In Norway, all newborn children are tested for 25 rare genetic diseases through the Newborn Screening program, and the most common of these is phenylketonuria (abbreviated to PKU), known as Folling Disease.
Every year, between 3-7 children are born in Norway with PKU, and this diagnosis has a great impact on the rest of their lives. People with PKU must follow a very strict diet all their lives, where they must avoid almost all foods that contain proteins.
“Failure to implement the diet from birth may result in irreversible physical problems and brain damage, and optimal brain function requires life-long adherence,” explains Professor Aurora Martinez at the Department of Biomedicine, University of Bergen.
Higher oxidative stress in mutated mice
The enzyme phenylalanine hydroxylase (PAH) breaks down the amino acid phenylalanine (Phe). People with PKU have mutations in PAH, which results in misfolded, dysfunctional PAH. This leads to the accumulation of toxic levels of Phe in the blood and brain and a Phe-free diet is initiated immediately after diagnosis.
Aurora Martinez’s leads a group of researchers that have extensive experience in working with genetic diseases associated with misfolding mutations, especially PKU.
To better understand the disease, they have made a model with mice with one of the most common human mutations of PAH (Pah-R261Q).
Mutated mice and their wild-type siblings were compared in several test, and in many of these the results were very similar for both mice groups.
“The first difference we found was an increase in the weight of the mutated male mice, and together with differences in metabolite profile (measured by Bevital) the results indicated that these mice had an altered lipid metabolism,” says Martinez.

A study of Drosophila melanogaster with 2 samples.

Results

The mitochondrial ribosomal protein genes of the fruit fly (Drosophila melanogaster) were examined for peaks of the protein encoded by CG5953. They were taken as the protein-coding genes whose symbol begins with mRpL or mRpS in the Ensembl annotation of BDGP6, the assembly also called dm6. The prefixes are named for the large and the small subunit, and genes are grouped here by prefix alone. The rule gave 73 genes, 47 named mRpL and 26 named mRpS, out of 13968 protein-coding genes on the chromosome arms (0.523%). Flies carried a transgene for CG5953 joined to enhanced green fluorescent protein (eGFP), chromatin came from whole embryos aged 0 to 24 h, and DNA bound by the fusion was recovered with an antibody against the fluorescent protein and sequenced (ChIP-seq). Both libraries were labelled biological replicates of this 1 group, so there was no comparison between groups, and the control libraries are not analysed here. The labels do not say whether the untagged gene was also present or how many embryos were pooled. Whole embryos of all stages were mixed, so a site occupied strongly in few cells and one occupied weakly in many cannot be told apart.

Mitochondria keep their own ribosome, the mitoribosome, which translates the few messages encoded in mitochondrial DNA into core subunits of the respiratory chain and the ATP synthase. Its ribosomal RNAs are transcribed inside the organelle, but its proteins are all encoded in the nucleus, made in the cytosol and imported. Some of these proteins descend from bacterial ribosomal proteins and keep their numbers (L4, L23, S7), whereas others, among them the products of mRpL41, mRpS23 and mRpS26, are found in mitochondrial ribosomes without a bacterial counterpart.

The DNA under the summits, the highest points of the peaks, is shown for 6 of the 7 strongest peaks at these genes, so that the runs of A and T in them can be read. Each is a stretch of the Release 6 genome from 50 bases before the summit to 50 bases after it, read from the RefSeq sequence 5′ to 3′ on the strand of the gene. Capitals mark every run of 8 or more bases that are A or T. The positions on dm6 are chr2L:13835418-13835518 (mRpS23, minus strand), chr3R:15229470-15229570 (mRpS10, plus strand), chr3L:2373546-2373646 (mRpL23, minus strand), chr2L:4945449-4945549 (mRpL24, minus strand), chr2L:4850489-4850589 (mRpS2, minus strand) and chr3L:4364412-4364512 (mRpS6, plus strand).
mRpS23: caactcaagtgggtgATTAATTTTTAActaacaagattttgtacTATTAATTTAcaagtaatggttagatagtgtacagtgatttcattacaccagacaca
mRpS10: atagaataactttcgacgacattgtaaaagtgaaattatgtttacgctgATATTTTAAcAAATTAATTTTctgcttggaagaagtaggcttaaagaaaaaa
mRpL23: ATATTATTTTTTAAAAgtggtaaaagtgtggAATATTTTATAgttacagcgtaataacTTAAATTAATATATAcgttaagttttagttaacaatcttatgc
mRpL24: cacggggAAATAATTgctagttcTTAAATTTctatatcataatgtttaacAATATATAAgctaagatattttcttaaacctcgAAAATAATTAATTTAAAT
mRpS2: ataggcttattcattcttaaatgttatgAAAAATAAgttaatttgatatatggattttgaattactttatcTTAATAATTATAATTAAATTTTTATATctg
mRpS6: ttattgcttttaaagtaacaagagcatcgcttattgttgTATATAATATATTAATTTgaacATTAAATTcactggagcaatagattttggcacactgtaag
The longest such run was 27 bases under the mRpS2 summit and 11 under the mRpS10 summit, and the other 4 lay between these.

Together with studies in metabolism cages, where all mice were given the same standard food, it was shown that at rest wild-type mice used mainly carbohydrates, while the mutated Pah-R261Q mice used more fat and protein as metabolic fuel source.
“These differences pointed to a higher oxidative stress in the mutated mice, and this was not expected based on the customary understanding of PKU,” Martinez explains.
Can explain some of the comorbidities found in adult PKU patients
The cause of the oxidative stress was a mystery for a while, but the explanation came when the group examined the livers of the Pah-R261Q mice.
“Mutated PAH enzymes are known to form small and readily degradable aggregates. But what was found here were unexpectedly large aggregates of mutant PAH. The burden of breaking down such large aggregates is a known cause of oxidative stress,” says Martinez.
Previously, PKU has only been seen as a disease in which the PAH mutations led to the enzyme losing its catalytic function (the breakdown of Phe), but the results provide an additional understanding of how some mutations also provide a harmful property to PAH, through the formation of large aggregates.
“This may be a possible explanation for some of the comorbidities found in adult PKU patients. In the past, these have been attributed to the high Phe level or as a side effect of being on the strict Phe-free diet, but now there is an additional explanation based the large PAH aggregates and the oxidative stress they inflict on the hepatic cells,” Martinez explains.